The Authority Of The Nclt To Review Itself

The reviewing court can reverse the original decision or amend it as needed. With the passing of time, the judiciary has been paving the way for clearing the doubt regarding the power to review and recall.

NCLT can issue non-bailable warrants against persons under IBC: NCLAT

The directors of the suspended corporate debtor filed an appeal against the National Company Law Tribunal’s (“NCLT”) ruling that rejected their request to have a non-bailable warrant issued against them.

Threshold limit of the Corporate Insolvency Resolution Process as per NCLT

There is no specific threshold limit for the NCLT Delhi under the IBC 2016. The IBC provides that a financial creditor, operational creditor, or the corporate debtor itself can initiate the insolvency resolution process with the NCLT.

NCLT’s discretion while admitting Section 7 Applications– A Vidarbha Judgement Outlook

An application filed to initiate CIRP against the petitioners under Section 7(2) of the IBC Vidarbha Industries Power Limited v. Axis Bank Limited.

NCLT Prescribes Dress Code for Members, Lawyers, RP, Authorized Representatives & Parties in Person

NCLT specified the dress code for NCLT President, NCLT Members, Legal Practitioners, Authorized Representatives, Interim Resolution Professional, Liquidator, Resolution Professional, and parties present in person.

Unregistered Partnership Firm Cannot Initiate Insolvency Proceedings Under IBC: NCLT Kochi

The Bangalore Sales Corporation v Sark Spice Products Pvt. Ltd., the National Company Law Tribunal (“NCLT”), Kochi Bench, comprised of Shri. P. Mohan Raj (Judicial Member) and Shri. Satya Ranjan Prasad (Technical Member), held that an unregistered Partnership Firm cannot institute insolvency proceedings under IBC.

NCLT Delhi Imposes Cost of Rs.1 Lakh on Suspended Director

The court fined the suspended director of the corporate debtor (the applicant) Rs. 1 lakh for starting several legal actions to obtain the same remedy and wasting valuable judicial time.

Why are Homebuyers choosing NCLT over RERA?

Buyers say that RERA orders are not getting implemented and this is forcing them to approach NCLT and there is a need to check abuse and maximize the value of assets.

Do NCLT is vested with the power to classify a transaction as a “preferential transaction”!

The Hon’ble NCLAT, Principal Bench, New Delhi held that the IBC does not vest the power to NCLT to Suo-moto classify a transaction as Preferential Transaction under Section 44 r/w Section 45 of IBC.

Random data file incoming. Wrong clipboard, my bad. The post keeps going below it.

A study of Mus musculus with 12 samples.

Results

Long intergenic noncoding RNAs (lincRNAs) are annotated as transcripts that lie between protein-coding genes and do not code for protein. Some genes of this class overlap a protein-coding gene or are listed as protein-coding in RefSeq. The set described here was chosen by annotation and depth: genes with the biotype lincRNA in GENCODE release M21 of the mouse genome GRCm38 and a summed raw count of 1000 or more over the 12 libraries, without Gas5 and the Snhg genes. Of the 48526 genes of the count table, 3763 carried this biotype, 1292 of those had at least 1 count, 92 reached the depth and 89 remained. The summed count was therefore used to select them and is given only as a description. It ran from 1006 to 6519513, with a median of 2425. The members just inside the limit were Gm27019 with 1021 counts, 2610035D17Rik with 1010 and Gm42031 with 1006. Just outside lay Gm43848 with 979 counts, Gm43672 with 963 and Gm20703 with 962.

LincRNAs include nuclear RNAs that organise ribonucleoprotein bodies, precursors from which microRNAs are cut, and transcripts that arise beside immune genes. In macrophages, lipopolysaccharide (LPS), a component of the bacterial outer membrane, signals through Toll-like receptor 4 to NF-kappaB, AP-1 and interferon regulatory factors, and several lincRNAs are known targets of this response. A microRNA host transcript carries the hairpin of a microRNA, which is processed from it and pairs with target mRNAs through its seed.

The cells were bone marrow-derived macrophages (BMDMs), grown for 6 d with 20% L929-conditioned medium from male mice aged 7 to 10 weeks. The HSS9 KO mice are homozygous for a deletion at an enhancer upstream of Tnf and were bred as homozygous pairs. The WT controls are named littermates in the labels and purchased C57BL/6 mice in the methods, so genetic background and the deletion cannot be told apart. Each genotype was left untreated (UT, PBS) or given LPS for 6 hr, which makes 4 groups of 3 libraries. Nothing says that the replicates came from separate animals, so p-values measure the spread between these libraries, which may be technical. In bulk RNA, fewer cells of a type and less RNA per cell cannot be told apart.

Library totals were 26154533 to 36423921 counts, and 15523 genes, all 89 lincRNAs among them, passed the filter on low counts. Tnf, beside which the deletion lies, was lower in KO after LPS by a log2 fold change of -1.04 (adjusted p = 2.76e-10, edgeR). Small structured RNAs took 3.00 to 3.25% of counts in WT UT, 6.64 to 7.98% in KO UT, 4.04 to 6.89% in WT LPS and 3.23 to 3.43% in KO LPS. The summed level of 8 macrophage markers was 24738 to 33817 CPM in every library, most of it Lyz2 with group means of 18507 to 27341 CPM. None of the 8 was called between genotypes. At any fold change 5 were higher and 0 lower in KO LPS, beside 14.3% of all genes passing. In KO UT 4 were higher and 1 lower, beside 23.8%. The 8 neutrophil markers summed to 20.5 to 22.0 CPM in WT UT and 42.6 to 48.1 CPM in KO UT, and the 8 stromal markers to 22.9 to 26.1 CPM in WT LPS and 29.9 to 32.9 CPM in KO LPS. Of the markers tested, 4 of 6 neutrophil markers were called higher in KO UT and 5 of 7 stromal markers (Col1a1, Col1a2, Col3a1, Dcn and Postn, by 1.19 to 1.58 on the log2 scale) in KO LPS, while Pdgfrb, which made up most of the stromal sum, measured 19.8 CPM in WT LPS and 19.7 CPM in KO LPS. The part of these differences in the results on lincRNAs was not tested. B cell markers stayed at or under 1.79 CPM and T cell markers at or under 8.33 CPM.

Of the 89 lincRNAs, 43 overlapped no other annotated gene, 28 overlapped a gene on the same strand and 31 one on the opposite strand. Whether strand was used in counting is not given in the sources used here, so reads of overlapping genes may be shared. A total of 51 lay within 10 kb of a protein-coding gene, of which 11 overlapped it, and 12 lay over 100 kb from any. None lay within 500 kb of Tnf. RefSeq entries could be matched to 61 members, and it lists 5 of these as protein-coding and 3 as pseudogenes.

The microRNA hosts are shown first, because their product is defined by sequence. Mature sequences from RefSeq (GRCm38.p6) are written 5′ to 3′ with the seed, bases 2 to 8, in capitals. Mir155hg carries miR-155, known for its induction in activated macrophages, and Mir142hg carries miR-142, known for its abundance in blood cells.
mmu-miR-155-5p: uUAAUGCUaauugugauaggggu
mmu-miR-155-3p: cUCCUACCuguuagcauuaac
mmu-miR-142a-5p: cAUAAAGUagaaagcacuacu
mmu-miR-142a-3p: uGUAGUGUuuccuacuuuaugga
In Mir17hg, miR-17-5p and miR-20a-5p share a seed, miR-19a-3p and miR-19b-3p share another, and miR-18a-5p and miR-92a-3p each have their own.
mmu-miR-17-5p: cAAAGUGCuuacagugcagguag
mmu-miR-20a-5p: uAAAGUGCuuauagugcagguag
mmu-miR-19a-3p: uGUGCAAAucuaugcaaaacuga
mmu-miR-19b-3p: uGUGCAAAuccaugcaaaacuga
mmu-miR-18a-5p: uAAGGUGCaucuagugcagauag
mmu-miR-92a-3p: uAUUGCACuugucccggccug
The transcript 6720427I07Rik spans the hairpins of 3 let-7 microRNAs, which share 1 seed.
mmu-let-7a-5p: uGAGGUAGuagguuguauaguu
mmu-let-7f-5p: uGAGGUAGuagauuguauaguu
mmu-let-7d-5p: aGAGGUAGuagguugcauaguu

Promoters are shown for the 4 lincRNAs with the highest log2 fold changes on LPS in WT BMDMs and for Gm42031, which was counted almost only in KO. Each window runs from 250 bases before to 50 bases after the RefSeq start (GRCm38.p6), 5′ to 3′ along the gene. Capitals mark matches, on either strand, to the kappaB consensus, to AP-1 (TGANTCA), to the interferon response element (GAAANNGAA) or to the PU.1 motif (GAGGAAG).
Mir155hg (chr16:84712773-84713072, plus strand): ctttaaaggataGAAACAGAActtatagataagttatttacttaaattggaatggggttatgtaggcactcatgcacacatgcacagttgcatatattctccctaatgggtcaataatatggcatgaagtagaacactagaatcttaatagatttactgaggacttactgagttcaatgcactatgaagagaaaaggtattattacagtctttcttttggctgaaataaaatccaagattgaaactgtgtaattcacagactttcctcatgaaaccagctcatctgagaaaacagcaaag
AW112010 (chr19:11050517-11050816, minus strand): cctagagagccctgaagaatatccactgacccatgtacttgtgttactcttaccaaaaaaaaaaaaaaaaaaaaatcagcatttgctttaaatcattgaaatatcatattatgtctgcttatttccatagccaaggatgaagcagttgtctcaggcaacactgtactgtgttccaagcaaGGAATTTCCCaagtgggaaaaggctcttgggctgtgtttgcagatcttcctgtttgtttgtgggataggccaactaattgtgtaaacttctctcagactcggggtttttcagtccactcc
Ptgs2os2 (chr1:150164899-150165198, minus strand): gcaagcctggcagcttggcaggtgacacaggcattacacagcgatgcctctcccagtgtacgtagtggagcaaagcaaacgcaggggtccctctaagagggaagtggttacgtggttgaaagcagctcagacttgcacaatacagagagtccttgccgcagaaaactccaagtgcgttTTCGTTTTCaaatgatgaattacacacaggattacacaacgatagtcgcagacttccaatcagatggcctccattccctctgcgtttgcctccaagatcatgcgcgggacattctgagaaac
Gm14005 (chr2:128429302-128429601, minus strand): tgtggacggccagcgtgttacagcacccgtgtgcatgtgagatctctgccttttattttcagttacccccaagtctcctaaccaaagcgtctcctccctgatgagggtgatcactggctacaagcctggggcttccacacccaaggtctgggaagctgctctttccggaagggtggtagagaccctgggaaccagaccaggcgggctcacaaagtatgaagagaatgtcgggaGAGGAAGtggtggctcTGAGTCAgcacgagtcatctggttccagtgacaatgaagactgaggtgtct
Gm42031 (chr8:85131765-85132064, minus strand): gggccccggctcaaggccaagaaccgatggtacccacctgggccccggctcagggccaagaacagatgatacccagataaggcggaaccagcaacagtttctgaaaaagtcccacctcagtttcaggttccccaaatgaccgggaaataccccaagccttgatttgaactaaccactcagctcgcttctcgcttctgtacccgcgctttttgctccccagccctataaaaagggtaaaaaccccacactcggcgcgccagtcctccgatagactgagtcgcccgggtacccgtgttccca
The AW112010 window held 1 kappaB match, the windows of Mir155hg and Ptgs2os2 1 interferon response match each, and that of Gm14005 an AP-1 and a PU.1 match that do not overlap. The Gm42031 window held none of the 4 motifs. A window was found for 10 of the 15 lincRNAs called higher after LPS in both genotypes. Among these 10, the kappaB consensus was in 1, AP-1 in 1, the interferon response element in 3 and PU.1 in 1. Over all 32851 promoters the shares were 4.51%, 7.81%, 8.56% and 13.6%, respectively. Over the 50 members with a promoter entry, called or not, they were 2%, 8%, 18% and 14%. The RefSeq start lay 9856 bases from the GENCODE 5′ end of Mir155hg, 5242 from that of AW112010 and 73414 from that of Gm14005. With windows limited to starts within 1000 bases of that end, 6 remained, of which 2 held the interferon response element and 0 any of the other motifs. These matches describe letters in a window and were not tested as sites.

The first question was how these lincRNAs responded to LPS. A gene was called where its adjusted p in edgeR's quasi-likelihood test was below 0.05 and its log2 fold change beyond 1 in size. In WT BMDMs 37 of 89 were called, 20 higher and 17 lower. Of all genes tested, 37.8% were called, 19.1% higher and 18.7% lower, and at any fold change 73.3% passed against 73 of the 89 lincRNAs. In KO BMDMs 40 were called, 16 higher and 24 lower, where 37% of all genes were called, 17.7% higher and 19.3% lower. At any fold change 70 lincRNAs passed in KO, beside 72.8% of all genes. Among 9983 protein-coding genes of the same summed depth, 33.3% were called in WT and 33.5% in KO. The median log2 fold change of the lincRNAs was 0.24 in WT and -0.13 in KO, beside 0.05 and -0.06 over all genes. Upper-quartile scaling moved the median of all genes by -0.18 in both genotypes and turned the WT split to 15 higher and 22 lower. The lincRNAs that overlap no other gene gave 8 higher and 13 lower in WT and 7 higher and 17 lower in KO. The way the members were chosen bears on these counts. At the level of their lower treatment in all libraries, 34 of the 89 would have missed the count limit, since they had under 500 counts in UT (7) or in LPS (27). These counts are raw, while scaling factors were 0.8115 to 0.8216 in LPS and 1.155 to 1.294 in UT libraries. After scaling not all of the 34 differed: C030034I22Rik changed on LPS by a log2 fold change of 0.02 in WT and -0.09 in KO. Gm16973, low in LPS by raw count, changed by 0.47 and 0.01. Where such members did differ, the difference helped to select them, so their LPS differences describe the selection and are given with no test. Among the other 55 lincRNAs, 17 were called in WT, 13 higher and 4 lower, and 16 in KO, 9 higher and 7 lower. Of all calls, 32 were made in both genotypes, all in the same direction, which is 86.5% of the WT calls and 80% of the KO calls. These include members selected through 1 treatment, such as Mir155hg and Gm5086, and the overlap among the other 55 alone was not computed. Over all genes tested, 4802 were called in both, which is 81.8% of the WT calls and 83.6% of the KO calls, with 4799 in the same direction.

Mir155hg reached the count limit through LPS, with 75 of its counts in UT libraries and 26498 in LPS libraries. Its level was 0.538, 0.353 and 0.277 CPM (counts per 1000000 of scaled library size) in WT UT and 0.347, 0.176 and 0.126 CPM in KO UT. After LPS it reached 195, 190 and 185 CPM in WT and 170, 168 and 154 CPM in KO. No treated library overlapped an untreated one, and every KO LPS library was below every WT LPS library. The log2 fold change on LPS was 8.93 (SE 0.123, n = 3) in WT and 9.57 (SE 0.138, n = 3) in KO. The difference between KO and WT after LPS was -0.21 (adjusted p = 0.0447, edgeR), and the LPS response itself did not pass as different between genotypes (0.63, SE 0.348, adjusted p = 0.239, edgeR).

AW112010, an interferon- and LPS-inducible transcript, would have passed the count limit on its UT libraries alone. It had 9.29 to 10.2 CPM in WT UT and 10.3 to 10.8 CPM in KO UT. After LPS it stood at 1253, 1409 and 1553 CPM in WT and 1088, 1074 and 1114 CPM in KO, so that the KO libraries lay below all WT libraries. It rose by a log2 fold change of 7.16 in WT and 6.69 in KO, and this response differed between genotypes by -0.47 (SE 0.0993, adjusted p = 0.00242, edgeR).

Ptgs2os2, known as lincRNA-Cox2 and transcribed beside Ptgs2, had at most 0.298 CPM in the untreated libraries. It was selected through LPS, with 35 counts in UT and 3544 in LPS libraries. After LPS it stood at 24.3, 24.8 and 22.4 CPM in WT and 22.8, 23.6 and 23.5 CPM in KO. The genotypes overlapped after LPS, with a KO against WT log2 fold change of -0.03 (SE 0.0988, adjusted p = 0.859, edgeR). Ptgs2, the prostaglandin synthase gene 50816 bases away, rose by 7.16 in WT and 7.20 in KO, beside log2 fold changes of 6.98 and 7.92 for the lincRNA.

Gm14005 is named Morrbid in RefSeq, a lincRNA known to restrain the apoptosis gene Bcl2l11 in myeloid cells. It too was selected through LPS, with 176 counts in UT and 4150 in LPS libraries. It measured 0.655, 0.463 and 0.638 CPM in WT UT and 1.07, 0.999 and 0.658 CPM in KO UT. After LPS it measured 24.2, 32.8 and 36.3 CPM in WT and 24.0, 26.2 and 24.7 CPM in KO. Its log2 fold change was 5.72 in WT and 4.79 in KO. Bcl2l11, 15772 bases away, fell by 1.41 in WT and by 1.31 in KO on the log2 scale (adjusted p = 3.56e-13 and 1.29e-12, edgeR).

How RERA and NCLT would be a solution for stuck projects

Different forums provide for different reliefs and one must be cautious enough before choosing an appropriate forum. Before choosing the appropriate forum, points to be analyzed are type of violation by the builder, what relief is prayed for, urgency, repetitive nature, financial condition of the builder, status of other projects, etc.

Jurisdiction in Copyright dispute arising from CIRP can be decided only by NCLT: Delhi HC

A dispute arose after the completion of the liquidation proceeding and whether the dispute relates to special legislation, such as the Copyright Act, where civil courts have been granted exclusive jurisdiction.

Creditors can request for a transfer of the winding up proceedings to NCLT: Supreme Court

This judgement is a step in the right direction because it recognizes the authority of a non-petitioning creditor to request for a transfer of the winding up proceedings. It assures that A creditor is not deprived of their right just because they didn’t participate in the initial winding up procedure against corporate debtor.

What does the Supreme Court say on the application of the Limitation Act to NCLT proceedings?

Since the Limitation Act is applicable to applications filed under Sections 7 and 9 of the Code from the inception of the Code, Article 137 of the Limitation Act gets attracted. “The right to sue”, therefore, accrues when a default occurs.

What is the meaning of “Residuary Jurisdiction” of the NCLT under IBC?

The Supreme Court of India defined Section 60(5) of the Code as a residuary jurisdiction vested in the NCLT, allowing the NCLT to decide all questions of law or fact arising out of or in relation to the corporate debtor’s insolvency resolution or liquidation under the Code.